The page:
30/01/2017 - 14:45

M/Land launches with 67-lot Secret Harbour development

30/01/2017 - 14:45


M/Land launches with 67-lot Secret Harbour development
John Wroth says M/Land will add a new dimension to Perth’s housing diversity. Photo: Attila Csaszar

The head of a new boutique land developer believes difficult market conditions provide the perfect opportunity for the business to make a splash in the market.

Boutique development and construction firm M/Group (BNiQ: MGroup) has rolled out its first residential subdivision in Secret Harbour, the first project for a new division headed up by former Port Bouvard boss John Wroth.

Mr Wroth was recruited to lead M/Land about 18 months ago, following a decision by M/Group managing director Lloyd Clark to create a more diversified property offering.

Formerly known as Match, M/Group has been active for 15 years in the Western Australian property sector, developing and constructing more than 30 developments, mainly comprising apartments and commercial offices.

Mr Wroth said M/Land’s first project at Secret Harbour would comprise 67 lots, with the estate to be developed according under M/Group’s boutique model.

It is expected first titles of the 25-block initial stage at Secret Harbour will be issued in April.

Mr Wroth said M/Land would target estates in the middle tier of land development, sized between 50 and 250 blocks.

“What we’ve deliberately done is kept the model that Match or M/Group have done so well to date and applied that to land,” Mr Wroth told Business News.

“We’re not out there looking at the master-planned 2,000-lot sites that need to go through a rezoning process; we’re more focused on strategic infill sites in established areas where we can leverage off existing infrastructure, being transport, schools, shopping centres etcetera.

“From the apartment point of view, Match started out looking for more boutique sites that could have been too complex for a standard developer, and the same applies back to the land.

“We target a minimum of 18 per cent return per annum for our investors so we’re not just out there putting sites under contract and trying to work out the project later.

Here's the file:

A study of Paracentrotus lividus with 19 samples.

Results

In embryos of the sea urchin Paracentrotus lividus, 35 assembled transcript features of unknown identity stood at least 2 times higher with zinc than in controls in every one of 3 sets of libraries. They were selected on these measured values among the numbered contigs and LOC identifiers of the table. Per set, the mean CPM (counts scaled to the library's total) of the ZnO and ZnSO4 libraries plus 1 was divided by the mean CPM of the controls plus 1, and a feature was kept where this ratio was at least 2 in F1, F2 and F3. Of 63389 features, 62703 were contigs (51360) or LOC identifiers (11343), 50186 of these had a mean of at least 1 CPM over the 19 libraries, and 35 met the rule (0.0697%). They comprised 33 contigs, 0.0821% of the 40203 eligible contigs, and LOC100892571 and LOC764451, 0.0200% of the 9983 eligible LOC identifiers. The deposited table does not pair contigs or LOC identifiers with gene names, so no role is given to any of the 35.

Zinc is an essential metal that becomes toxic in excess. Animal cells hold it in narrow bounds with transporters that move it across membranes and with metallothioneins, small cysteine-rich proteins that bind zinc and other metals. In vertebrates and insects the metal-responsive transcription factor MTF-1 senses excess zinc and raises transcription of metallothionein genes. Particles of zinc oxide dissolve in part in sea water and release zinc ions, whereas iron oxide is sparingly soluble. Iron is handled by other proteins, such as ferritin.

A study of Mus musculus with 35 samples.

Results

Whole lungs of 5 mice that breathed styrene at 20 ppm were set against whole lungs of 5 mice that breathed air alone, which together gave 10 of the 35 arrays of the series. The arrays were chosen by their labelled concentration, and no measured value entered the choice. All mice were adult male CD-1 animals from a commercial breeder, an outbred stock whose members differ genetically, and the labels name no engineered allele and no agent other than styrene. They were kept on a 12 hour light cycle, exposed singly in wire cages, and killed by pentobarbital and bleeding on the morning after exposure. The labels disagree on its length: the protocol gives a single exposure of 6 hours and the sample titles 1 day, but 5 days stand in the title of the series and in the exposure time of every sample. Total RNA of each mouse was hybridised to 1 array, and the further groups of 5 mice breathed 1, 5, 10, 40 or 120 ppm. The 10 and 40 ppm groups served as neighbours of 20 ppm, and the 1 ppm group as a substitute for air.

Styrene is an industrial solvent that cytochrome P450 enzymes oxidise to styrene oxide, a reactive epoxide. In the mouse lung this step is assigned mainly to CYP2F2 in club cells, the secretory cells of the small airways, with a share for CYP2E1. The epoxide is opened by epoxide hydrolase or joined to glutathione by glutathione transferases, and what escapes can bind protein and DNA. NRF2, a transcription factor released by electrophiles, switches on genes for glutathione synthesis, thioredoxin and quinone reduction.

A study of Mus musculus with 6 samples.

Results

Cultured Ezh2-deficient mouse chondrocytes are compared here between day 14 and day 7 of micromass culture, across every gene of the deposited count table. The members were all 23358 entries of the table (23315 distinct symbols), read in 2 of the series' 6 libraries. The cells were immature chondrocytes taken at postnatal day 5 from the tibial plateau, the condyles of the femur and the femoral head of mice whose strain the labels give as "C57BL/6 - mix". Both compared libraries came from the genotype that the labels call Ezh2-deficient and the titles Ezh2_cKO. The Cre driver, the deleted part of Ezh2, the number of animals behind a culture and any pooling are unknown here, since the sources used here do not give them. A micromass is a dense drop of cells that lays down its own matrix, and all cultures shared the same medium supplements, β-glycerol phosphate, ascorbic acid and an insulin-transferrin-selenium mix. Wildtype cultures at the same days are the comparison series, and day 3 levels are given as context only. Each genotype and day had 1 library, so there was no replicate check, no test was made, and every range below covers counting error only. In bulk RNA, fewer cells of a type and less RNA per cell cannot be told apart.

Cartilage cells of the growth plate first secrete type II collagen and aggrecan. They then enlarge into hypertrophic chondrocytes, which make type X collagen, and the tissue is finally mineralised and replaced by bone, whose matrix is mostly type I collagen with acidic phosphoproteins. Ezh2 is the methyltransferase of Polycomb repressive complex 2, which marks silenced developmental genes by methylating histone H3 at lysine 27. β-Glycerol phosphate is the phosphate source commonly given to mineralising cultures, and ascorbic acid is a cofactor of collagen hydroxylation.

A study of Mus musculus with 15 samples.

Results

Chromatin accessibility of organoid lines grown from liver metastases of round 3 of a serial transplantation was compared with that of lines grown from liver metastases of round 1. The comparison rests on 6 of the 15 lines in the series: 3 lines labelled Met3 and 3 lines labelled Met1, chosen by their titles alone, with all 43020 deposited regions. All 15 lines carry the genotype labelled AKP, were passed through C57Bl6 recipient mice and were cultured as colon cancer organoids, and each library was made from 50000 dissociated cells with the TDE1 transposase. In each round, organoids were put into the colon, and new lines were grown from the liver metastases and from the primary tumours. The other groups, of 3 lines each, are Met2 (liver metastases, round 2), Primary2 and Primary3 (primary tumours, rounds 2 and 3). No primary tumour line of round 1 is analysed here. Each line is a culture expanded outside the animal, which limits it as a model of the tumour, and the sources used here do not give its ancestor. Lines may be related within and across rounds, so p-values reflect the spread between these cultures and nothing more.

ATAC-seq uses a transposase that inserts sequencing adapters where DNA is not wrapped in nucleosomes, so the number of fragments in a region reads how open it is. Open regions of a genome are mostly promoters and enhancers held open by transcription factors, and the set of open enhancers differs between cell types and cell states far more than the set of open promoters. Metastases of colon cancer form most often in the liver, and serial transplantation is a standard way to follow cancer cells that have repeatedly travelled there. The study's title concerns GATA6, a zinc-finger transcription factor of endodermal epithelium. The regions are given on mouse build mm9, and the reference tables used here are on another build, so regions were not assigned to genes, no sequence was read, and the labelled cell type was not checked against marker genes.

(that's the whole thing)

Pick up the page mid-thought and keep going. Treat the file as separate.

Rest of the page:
“We certainly take it through a detailed amount of due diligence with our consulting team to make sure we have ticked all the boxes and assessed all the risks prior to committing investor funds and our own funds to the project.

“This is all along the same lines of what M/Group or Match in the past has done to date.”

While 2016 was widely considered to be one of the toughest years on record for land developers, Mr Wroth said the difficult market conditions provided the perfect opportunity for M/Land to enter the market.

“Because the majority of people think it’s not an ideal time to launch, that’s where there is more opportunity for us,” he said.

“A successful land development company, whether it be big, medium or small, is usually based upon their projects and buying those projects at the right price.

“And right now out there in the englobo land selling environment, that’s where the opportunity is.

“Providing you have got a reputation, you have got a skillset and investors behind you, there are some very good buys.

“And if you’re buying in this market, where the opportunity is, you’ve got yourself a pipeline for the market as it starts to improve and turn.”

Mr Wroth said the group’s construction arm, M/Construction, would not be expanded to include single-dwelling construction. Instead, M/Land had partnered with some of WA’s biggest builders, including ABN Group and Summit Homes Group, to deliver house and land packages.

“We’ve worked closely with them to ensure that the product is befitting what a coastal development requires down in Secret Harbour,” he said.

“Land subdivision, you can overthink it, but at the end of the day it’s the builder package and the way the developer works with the builder that will make or break the deal and make it that one bit more attractive to the buyer.

“In the final rollout, because we do have a built form background, I would expect we would put more attention towards the type of build and how good for its location it is, and what the target market is looking for, beyond what the majority of competitors probably produce.

“It doesn’t have to be too much, it can just be different materials and finishes on the outside; it could be different solar principles and sustainability concepts into the design.”